LOS ANGELES-California's Medi-Cai program pays about $36 a day for 24-hour nursing home care. New York's Medicaid program pays $67. And although New York and 28 other states pay more, California says it can't afford to do better.
The findings of a recently completed study suggest several ways for California and other states to improve the quality of nursing home care - at no additional cost.
Researchers from the University of Southern California report that, when patients in round-the-clock facilities are cared for by physician/pharmacist teams and encouraged to talk about day-to-day concerns, their drug use can be reduced greatly and their chances for discharge from the facility are increased.
Not only do the patients benefit, but fewer medications and fewer patients needing roundthe-clock care mean reduced expenses for the state.
The two-year study also found that death rates are reduced among nursing home patients for whom drugs are prescribed by a clinical pharmacist (with a physician's supervision).
The USC researchers studied 127 patients, including 62 subjects and 65 controls, in Southem California. Both facilities provide round-the-clock nursing care. The average patient age was 81 , and women outnumbered men by three to one.
The USC researchers were John F. Thompson, PharmD; Richard Ruffalo, PharmD; and William McGhan, Phd.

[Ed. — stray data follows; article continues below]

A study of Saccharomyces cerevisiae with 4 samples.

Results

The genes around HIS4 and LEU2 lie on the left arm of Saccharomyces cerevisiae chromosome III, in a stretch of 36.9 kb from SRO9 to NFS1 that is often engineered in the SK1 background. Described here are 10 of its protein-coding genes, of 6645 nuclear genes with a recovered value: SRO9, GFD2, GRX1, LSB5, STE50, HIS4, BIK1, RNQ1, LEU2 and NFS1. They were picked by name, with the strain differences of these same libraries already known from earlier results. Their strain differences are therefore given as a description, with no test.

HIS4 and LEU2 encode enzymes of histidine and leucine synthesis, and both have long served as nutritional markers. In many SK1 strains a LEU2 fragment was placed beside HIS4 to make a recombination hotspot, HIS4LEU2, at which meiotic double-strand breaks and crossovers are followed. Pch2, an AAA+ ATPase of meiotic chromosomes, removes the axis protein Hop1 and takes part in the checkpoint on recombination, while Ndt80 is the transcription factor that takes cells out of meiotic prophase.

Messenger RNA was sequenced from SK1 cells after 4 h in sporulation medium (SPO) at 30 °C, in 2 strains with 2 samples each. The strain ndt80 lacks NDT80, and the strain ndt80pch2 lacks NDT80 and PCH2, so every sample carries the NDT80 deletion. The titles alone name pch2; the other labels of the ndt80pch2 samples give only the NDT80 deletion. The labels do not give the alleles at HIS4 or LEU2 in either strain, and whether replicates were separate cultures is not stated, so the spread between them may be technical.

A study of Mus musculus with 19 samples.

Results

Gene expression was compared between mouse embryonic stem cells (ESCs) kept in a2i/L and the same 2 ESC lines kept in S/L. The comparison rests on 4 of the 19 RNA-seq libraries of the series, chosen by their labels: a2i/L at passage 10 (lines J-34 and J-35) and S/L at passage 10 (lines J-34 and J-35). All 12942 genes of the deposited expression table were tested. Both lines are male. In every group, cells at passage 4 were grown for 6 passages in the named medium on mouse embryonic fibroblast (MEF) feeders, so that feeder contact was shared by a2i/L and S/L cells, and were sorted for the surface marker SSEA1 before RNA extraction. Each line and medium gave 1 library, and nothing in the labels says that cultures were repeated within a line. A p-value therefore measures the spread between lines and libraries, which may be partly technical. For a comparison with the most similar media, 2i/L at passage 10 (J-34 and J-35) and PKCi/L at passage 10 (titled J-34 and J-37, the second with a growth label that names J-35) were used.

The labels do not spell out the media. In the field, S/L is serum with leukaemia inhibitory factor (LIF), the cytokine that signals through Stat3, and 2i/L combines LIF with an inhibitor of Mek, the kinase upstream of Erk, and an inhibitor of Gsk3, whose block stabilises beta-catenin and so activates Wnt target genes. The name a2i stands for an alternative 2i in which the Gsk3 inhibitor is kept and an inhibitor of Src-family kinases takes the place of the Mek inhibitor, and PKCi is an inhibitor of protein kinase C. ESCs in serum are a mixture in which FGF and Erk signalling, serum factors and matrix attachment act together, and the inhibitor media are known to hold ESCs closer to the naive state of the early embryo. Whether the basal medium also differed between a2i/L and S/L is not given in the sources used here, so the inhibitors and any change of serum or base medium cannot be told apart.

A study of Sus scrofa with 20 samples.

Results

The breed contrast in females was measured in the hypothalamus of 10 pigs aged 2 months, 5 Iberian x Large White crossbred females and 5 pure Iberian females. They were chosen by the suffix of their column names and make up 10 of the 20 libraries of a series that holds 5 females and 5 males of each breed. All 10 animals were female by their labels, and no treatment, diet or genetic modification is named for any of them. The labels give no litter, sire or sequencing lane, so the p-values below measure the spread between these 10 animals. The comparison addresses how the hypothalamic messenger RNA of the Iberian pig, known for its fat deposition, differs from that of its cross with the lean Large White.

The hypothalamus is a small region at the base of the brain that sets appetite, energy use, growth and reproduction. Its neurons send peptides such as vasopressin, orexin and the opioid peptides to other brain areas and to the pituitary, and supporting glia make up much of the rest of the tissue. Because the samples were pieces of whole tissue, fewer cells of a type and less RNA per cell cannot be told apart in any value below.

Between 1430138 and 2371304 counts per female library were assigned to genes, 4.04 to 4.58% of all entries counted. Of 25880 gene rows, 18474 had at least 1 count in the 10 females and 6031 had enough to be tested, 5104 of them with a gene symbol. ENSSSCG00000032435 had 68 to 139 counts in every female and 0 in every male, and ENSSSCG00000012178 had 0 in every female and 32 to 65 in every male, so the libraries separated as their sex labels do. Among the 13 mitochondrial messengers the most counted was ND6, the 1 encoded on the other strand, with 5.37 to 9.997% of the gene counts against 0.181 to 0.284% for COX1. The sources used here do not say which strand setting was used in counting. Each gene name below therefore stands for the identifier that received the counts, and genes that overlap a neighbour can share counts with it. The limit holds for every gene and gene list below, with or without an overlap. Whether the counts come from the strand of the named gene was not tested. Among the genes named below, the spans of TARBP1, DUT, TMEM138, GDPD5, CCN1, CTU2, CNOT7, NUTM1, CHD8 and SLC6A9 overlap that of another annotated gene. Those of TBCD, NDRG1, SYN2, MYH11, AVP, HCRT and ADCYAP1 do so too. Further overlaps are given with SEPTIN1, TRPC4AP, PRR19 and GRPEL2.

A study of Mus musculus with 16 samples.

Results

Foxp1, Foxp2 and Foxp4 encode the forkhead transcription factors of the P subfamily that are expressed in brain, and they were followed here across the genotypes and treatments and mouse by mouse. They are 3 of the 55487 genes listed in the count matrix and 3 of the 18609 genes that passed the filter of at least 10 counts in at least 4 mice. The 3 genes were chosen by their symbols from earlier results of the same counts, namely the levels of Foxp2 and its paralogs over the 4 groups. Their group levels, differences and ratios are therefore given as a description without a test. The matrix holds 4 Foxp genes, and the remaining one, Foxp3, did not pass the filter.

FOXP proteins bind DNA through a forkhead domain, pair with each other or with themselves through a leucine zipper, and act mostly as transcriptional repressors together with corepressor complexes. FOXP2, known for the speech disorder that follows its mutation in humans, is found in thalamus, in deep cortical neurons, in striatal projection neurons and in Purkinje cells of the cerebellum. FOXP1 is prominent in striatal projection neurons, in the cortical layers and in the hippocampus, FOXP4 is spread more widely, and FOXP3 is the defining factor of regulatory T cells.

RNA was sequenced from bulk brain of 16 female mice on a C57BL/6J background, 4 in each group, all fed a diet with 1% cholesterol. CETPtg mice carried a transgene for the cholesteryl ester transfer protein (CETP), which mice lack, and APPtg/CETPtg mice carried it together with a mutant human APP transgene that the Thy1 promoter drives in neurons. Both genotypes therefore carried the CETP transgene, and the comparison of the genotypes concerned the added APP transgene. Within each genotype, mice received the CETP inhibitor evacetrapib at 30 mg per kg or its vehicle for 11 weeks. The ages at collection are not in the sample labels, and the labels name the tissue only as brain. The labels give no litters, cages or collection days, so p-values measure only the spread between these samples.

The team spent the first year of the study simply observing the prescribing habits of the nursing-home physicians including their use of laboratory tests, and assessing the quality of medical care the 127 subjects and controls received.
During the second year, Drs. Thompson and Ruffalo participated in the care of the 62 subjects. Under the auspices of Assembly Bill 717, a California bill allowing pharmacists to prescribe drugs, Thompson and Ruffalo worked under the supervision of the subjects' physician to assess patient -needs , prescribe drug therapy, and order laboratory tests. They communicated their findings to the physician and, in general, functioned as physician associates.
Each of the 62 patients was visited by Thompson or Ruffalo for about 45 minutes each month. In comparison, studies show that most nursing home physicians see their patients, on the average, for only three to five minutes per month.